In implementing Holacracy, the CEO and top executives turn management over to self-organized teams. And it’s not just an idea on the pages of the latest business best-seller. Most notably, Zappos, the online shoe emporium, just adopted it wholesale, apparently the first big company to do so. Its roots go back a bit.
With the arrival of app-driven transportation services, Kansas City is getting a front-seat view but a bumpy ride on the way to the “sharing economy” driven by a new wave of tech-savvy entrepreneurs. New companies led by aggressive and savvy entrepreneurs are pressuring traditional businesses and giving lawmakers and regulators fits.
If you’re a bank executive, it’s never going to be easy to tell your shareholders: Oops, we made a $4 billion mistake! But the disclosure last week by Bank of America that it had $4 billion less in regulatory capital than it thought came at a particularly awkward time, just days before its annual shareholder meeting, scheduled for Wednesday in Charlotte, N.C.
The Fed’s policy of maintaining low interest rates hasn’t worked any labor market magic. That’s become another head-scratcher in what’s now one of the longest but historically slowest recoveries. Here’s a theory: Instead of hiring more people, companies are using the cheap borrowing costs to buy machinery and technology instead.
Scott Samuelson’s recent Wall Street Journal piece titled “Would you hire Socrates?” challenges the myth that studying humanities doesn’t pay. This finding reflects my experience with the U.S. Army, but I seek to emphasize something greater than an economic advantage. The more practical advantage gained from a liberal arts education is preparation for leadership.
The Negro Leagues Baseball Museum’s Heart of America Hot Dog Festival wants to bring the community together through one of our nation’s favorite pastimes. Also this week: ‘Ragtime’ at Theatre in the Park and comedian Mike Epps at Starlight.
A recent local case demonstrates that employers’ responsibilities for addressing harassment in the workplace extend beyond the individuals who collect a paycheck from the company. Objectionable behavior by customers, subcontractors, vendors and others could be employers’ problem, too.
Rising inequality could lead to an unsustainable use of resources and the collapse of global industrial civilization. The stark warning is based on a sound observation: Over the course of history, the collapse of advanced, complex societies is quite common. Although civilizations can last centuries, in reality they’re “fragile and impermanent.”
Health savings accounts paired with high-deductible health plans continue to grow as an option for employers and employees seeking an economical, convenient coverage option. Now, the time has come for employers to move beyond the simple administration of these accounts to provide a more meaningful strategy so these options can most benefit their employees.
Here’s a counterintuitive way the older generations can help the young: Keep working and don’t retire so early. Because for perhaps the first time in history, the over-60 population is growing much faster than younger groups.
How do you select the health insurance plan that is best for you? To sort through the many variables within health insurance policies, it is wise to work with a navigator or insurance broker to evaluate plans that will best meet your needs.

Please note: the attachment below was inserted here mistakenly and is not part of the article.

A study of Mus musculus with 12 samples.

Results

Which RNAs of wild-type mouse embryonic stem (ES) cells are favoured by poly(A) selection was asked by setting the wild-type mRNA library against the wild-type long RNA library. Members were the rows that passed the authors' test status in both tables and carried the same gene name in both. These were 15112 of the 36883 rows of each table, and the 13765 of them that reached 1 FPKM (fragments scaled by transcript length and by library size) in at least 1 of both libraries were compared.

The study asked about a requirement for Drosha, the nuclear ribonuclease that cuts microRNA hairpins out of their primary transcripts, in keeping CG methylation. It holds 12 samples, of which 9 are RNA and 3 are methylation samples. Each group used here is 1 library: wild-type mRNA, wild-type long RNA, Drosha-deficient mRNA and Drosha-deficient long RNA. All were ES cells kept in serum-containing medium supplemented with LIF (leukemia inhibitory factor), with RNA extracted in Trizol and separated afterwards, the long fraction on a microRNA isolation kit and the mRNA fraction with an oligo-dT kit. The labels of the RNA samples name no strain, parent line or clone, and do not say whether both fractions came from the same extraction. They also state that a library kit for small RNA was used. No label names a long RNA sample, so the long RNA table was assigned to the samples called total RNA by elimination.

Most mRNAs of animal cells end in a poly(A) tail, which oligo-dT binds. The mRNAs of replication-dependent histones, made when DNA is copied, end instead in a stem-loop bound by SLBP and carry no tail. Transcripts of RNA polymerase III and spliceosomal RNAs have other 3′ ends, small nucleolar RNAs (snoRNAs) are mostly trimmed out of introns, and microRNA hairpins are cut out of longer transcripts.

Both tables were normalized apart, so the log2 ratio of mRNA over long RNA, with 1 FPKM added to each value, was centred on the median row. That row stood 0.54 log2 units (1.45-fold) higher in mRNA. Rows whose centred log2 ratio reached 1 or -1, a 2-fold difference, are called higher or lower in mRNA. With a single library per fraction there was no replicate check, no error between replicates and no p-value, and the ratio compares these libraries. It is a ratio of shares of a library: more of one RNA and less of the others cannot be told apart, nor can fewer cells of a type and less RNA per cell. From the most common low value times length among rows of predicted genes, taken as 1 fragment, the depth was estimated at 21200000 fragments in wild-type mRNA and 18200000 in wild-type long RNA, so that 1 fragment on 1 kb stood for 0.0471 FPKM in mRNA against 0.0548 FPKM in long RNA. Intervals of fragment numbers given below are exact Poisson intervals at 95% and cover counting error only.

The Affordable Care Act has caused confusion. It is a significant departure from what has been the American health care payment system, and it depends on nearly all of us to participate so that we can begin to see how it benefits us all. There is still time. Enroll today.
Sooner or later, you hear it in some conversation about how “things just aren’t what they used to be.” Kids these days! Dumb, lazy, disrespectful, unpatriotic, promiscuous, drug-addled and on and on. Let’s call a truce in the war between the generations. After all, the young have to make their way in a world and economy created by their parents and elders.
The grasp of robots on our future, strengthening for decades, is about to tighten like a vise. Robots that think and move like people will inflict profound changes on our economy and society. People will get replaced by robots faster than the economy produces new jobs.
Ford’s F-150 pickup and plants that make them, including our own at Claycomo, will soon become a strategic asset in U.S. energy policy. That’s not an outlandish statement considering the better gas mileage expected from the F-150s that will hit showrooms soon.
Though most agree our federal tax system needs work, taxing the one financial institution system serving 96 million Americans is not the way to do it. Congress today should remember the wisdom of its 1934 class of predecessors and ensure that the credit union tax exemption is sustained for the benefit of American consumers.
An article in Rolling Stone by left-wing activist Jesse A. Myerson that demonizes capitalism shows what is hobbling public discourse these days. Predictably, liberals are cheering and conservatives recoiling. But Myerson’s proposals are not as fearsome as critics on the right believe. Neither are they as radical as cheerleaders on the left think.
The quotes of 2013 that captured my attention piled up in my Google Cloud account like a gathering storm. Looking back over them, you can see what you were most concerned about through the year. In sum, they reflect a feeling that we and our government have not yet fully grasped how severely technology and the Internet have shattered the old economy.
Sometimes, the answers to what concerns us can be just too difficult to face. Does the improving economy show that government shenanigans don’t have that much effect? Will those who supported the Affordable Care Act feel like chumps if it doesn’t work? Why won’t the streetcar line in Kansas City be a success? Is KCI really worth saving?